My college graduation day was over in a matter of hours. The day I’d been working toward for four years had come and gone just like that. And now it was time (in my father’s words) to become a productive member of society.
So, I went out on my own, landed a job, signed a lease on an apartment, and started the next chapter of my life in downtown Des Moines. To say I’ve learned a lot in the first six months of adulting would be a comical understatement.
My two biggest learnings have been around budgeting and balancing. Once you get those figured out, being a productive member of society becomes a little easier!
Budgeting? Sure …
A known fact of life is that everything in this world costs money. Transitioning from always being a “poor college student” to a salaried employee made it all the more tempting to start spending that money before it even hit my bank account. Since I was just starting out, I knew I wouldn’t have money to burn. However, I was surprised to find that I didn’t have to be as restrictive as I thought. Sure, the first few weeks were hard – I was buying the necessities for a new apartment. But I didn’t feel like I HAD to give up the occasional coffee or other simple luxuries. Nonetheless, I still had to be mindful of my budget.
The most beneficial thing I’ve done is to make sure the money I want to put into savings and the money I want to contribute toward retirement never touches my checking account. It immediately goes to the appropriate accounts, and that’s exactly where it stays. Depending on a company’s pay period, you’ll also discover when you have wiggle room to spend and when you have to tell yourself you don’t need those new Bluetooth headphones.
Personally, I dedicate the beginning of the month to necessary expenses like rent, phone, and car bills. Thrilling, I know. But the middle of the month brings more freedom to grab a new shirt, join friends for happy hour, or treat myself to some Ben and Jerry’s ice cream even though it definitely wasn’t on the grocery list. It might take awhile, but once you find a rhythm that works for you, the concept of budgeting becomes much less daunting.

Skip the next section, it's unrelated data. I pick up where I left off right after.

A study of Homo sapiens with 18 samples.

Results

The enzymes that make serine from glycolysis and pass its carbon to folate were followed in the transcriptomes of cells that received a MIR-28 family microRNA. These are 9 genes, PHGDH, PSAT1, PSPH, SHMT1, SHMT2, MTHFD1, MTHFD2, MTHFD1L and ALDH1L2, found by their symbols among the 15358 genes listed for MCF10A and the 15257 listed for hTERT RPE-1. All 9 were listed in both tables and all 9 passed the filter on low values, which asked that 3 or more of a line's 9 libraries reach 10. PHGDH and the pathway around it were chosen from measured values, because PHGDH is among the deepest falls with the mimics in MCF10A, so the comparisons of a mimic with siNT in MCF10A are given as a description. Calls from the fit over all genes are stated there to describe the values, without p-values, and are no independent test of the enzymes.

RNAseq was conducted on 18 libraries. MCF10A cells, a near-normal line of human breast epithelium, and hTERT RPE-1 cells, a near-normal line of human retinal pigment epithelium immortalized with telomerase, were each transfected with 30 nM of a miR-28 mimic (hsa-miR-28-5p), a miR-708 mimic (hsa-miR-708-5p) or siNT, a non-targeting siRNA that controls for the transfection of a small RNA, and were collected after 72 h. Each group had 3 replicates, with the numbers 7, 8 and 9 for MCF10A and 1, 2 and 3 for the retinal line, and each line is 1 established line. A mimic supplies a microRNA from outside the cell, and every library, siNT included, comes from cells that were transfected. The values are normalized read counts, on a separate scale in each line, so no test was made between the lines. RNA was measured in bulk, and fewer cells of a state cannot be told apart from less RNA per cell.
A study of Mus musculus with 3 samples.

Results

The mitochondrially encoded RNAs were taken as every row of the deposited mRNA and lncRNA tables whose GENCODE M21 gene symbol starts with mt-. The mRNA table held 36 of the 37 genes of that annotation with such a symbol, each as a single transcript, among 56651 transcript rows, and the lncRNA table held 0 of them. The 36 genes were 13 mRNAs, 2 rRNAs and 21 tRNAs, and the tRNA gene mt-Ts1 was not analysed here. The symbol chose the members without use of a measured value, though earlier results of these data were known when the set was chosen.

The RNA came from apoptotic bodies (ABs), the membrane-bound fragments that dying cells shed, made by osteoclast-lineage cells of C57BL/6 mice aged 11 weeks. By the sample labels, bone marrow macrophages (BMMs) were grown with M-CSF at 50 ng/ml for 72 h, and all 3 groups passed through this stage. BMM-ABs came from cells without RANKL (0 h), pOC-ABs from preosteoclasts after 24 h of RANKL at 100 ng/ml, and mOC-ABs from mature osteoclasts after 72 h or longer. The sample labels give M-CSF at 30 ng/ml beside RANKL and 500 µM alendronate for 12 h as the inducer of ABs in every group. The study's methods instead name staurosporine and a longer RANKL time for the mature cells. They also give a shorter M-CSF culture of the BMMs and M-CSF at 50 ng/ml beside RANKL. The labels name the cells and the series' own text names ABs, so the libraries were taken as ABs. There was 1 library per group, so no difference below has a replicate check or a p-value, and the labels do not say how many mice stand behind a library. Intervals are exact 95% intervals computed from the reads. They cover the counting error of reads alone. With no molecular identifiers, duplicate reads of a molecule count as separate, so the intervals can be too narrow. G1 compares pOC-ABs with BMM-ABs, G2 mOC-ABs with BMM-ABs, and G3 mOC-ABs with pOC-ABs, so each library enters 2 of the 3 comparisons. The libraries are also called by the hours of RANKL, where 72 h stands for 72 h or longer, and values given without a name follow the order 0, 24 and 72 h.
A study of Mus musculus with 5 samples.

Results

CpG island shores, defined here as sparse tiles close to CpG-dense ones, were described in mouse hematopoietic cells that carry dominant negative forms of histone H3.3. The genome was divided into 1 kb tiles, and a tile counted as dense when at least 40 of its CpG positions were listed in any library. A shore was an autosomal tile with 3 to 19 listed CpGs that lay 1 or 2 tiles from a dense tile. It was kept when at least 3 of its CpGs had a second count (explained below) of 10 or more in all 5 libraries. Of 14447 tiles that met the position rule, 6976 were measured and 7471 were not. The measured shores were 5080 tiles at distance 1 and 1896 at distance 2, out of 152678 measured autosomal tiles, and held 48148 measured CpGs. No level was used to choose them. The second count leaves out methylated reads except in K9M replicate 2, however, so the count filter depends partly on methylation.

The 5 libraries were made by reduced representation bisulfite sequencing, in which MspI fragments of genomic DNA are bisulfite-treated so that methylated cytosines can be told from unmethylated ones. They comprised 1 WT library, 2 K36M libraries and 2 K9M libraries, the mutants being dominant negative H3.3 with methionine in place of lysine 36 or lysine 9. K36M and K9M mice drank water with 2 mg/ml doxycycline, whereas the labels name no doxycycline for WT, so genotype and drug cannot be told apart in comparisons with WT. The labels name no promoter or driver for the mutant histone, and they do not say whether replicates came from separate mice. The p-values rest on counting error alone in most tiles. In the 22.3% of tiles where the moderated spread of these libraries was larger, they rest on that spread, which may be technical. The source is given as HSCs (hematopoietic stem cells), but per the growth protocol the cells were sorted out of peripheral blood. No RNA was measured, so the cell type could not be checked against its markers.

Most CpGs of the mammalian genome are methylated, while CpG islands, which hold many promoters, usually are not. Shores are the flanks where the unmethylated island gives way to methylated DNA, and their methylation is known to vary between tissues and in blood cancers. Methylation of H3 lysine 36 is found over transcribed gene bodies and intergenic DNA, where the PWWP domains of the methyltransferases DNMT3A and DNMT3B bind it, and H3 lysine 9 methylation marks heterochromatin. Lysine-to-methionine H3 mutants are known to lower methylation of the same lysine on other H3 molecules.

Balance? Never heard of her.
As a new “adult,” I realized the magnitude of work and life I was now expected to balance on a daily basis. Work, cleaning, family, cooking, friends, hobbies, working out, the list goes on and on and I. was. spinning. In college you can blame a messy room on the exam you have the next morning. You have no time for dishes because you’re bouncing from class to club meeting to committee planning session. Fresh into the working world you have…work. Aka nothing to blame those dirty dishes on.
I wish I could say after six months I’ve found the perfect solution, but I’m still taking it day by day. I’ve accepted that there’s no such thing as balance. Cleaning is always going to be a chore and impossible to keep up with. My family and friends aren’t always going to be happy with me prioritizing one over the other. The book I’ve started three times may or may not get finished. I have to be content with telling myself, “Lauren, you did your best today and that’s OK.” Essentially, I’m still a human being that doesn’t get everything right despite being a real “adult.” Shocking, I know.
Other “fun” revelations:
- Remember thinking, “Ugh, I can’t WAIT until I’m an adult and I don’t have to deal with zits anymore.”? Plot twist: 22-year-olds still get zits sometimes.
- Sitting at a desk all day with your brain constantly on is JUST as tiring as school.
- Your co-workers are no longer 22 and younger in a college town. Therefore, when someone asks if you have an Amazon Prime account, refrain from instinctually responding, “I don’t, but my mom has one!”
- You’re going to need to buy bandages. Opening new apartment furniture is a dangerous business.
- Everyone is always learning. Just because you’re the new kid on the block doesn’t mean you don’t have valuable insights to share.
If you’re looking for a great place to begin your “adulting” journey, check out our openings!